The bipartisan panel appointed by Congress to investigate the financial crisis has concluded that several financial industry figures appear to have broken the law and has referred multiple cases to state or federal authorities for potential prosecution, according to two sources directly involved in the deliberations.
The sources, who spoke on condition they not be named, declined to identify the people implicated or the names of their institutions. But they characterized the panel's decision to make referrals to prosecutors as a significant escalation in the government's response to the financial crisis. The panel plans to release its final report in Washington on Thursday morning.
In the three years since major lenders teetered on the brink of collapse, prompting huge taxpayer rescues and amplifying an already painful recession into the most punishing downturn since the Depression, public indignation has swelled while few people who played prominent roles in the crisis have faced legal consequences.
That may be about to change. According to the law that created the Financial Crisis Inquiry Commission, the panel has a responsibility to refer for prosecution any evidence of lawbreaking. The offices that have received the referrals -- the Justice Department, state attorneys general, and perhaps both -- must now determine whether to prosecute cases and, if so, whether to pursue criminal or civil charges.
Though civil charges appear a more likely outcome should prosecution result, one source familiar with the panel's deliberations said criminal charges should not be ruled out.
The commission's decision to refer conduct for prosecution underscores the severity of the activities it has uncovered and plans to detail in its widely anticipated final report, the sources said.
A spokesman for the commission declined to comment. "I cannot comment on the commission's report or its activities until January 27th," said the spokesman, Tucker Warren.
When the 10-member panel was first convened in late 2009, participants emphasized that they did not intend to focus on prosecution, but were rather intent on illuminating the root causes of the crisis.
Indeed, the fact that the body has opted to make referrals adds an unexpected coda to a proceeding that some observers have written off as just another bit of Washington stagecraft aimed at generating headlines.
"Few will notice its absence," said Michael Perino, a law professor at St. John's University School of Law in New York and an expert in financial history, in an opinion piece published in the New York Times last October. It "had no discernible influence over the financial reforms." He added: "How did this commission fail so badly?"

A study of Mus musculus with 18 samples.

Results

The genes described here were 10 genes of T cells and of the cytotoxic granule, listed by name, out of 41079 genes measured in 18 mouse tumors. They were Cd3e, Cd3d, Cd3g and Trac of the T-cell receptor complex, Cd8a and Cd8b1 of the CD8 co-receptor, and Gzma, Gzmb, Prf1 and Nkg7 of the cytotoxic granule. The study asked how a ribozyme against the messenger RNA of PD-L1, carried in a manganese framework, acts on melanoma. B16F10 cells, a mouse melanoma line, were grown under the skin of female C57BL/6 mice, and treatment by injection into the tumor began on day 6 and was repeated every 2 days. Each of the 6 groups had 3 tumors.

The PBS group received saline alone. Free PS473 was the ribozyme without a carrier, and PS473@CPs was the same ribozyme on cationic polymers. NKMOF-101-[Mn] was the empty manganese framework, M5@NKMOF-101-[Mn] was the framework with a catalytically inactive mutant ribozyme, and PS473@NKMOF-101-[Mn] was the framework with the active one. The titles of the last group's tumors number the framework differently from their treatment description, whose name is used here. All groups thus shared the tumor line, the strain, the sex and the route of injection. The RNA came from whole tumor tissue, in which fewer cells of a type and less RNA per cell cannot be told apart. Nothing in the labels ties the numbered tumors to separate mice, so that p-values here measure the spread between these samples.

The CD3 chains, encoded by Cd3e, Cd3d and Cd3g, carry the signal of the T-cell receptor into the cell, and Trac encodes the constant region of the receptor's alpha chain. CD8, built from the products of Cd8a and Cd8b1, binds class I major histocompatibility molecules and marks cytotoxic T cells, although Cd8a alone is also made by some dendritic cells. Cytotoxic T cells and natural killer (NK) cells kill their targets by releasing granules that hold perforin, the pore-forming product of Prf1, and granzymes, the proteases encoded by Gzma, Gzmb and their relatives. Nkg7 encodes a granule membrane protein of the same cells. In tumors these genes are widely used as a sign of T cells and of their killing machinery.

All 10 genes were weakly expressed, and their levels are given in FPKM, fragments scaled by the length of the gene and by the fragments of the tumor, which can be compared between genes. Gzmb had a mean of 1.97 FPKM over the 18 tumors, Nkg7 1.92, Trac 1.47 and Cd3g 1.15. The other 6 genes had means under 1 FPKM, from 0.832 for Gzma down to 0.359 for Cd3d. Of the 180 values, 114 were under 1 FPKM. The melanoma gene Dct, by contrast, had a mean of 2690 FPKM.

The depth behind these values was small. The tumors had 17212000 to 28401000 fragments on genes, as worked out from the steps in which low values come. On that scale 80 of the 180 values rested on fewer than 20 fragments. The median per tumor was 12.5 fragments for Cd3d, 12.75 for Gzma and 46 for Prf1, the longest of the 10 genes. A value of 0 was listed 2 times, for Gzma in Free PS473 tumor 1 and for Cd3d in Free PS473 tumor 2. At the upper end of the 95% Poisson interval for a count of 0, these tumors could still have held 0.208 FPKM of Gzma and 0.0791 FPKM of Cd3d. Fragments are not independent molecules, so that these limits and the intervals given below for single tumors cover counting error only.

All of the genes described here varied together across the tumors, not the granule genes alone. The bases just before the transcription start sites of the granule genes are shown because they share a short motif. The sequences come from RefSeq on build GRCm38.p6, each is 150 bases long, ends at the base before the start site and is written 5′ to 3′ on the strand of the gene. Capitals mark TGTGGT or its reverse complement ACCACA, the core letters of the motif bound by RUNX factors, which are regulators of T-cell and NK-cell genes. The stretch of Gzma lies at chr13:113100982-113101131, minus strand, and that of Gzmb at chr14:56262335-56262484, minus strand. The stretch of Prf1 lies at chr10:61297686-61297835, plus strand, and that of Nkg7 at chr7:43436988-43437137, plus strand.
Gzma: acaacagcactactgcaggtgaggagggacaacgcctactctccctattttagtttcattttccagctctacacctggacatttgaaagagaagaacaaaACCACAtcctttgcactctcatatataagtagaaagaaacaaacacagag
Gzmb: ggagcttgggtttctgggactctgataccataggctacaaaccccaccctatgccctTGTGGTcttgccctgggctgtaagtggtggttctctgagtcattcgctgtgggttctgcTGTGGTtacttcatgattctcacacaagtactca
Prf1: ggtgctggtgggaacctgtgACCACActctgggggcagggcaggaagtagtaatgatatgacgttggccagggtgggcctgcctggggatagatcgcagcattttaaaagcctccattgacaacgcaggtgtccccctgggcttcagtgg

But the decision to refer cases for potential prosecution could provoke a different conclusion: It may yet satisfy public craving for what Treasury Secretary Timothy Geithner once referred to as the "very deep public desire for Old Testament justice."
The commission's report is supposed to detail the definitive causes of the crisis. Over the course of the past year, the panel has interviewed more than 700 witnesses, reviewed millions of pages of documents, and held 19 days of public hearings across the country.
Among those who testified were the heads of the nation's largest financial institutions -- all of them recipients of multi-billion dollar public bailouts. Among those who testified were Lloyd Blankfein, chief executive of Goldman Sachs Group Inc.; Jamie Dimon, chief of JPMorgan Chase & Co.; and Robert Rubin, a former Goldman chief and Clinton administration Treasury Secretary, who later held a prime executive chair at Citigroup. The panel also questioned Federal Reserve Chairman Ben Bernanke and his predecessor, Alan Greenspan.
The commission drew on testimony from less prominent senior executives with intimate knowledge of how Wall Street engaged in modern-day financial alchemy, turning mountains of dubious mortgages into seemingly rock-solid investments rated as safe as American Treasury bonds.
Richard Bowen, former chief underwriter for Citigroup's consumer-lending unit, testified that, in the middle of 2006, he discovered more than 60 percent of the mortgages the bank had purchased from other firms and then sold to investors were "defective," meaning they did not satisfy the bank's own lending criteria.
Keith Johnson, former president of Clayton Holdings, one of the top mortgage research companies, testified that some 28 percent of the loans given to homeowners with poor credit examined by his firm for Wall Street banks failed to meet basic standards. Yet nearly half appear to have been sold to investors regardless, he added.
The commission has been dogged by partisan sniping within its ranks and high staff turnover. But the referrals may mollify criticism that the panel was more about conveying the illusion of an investigation than conducting the real thing.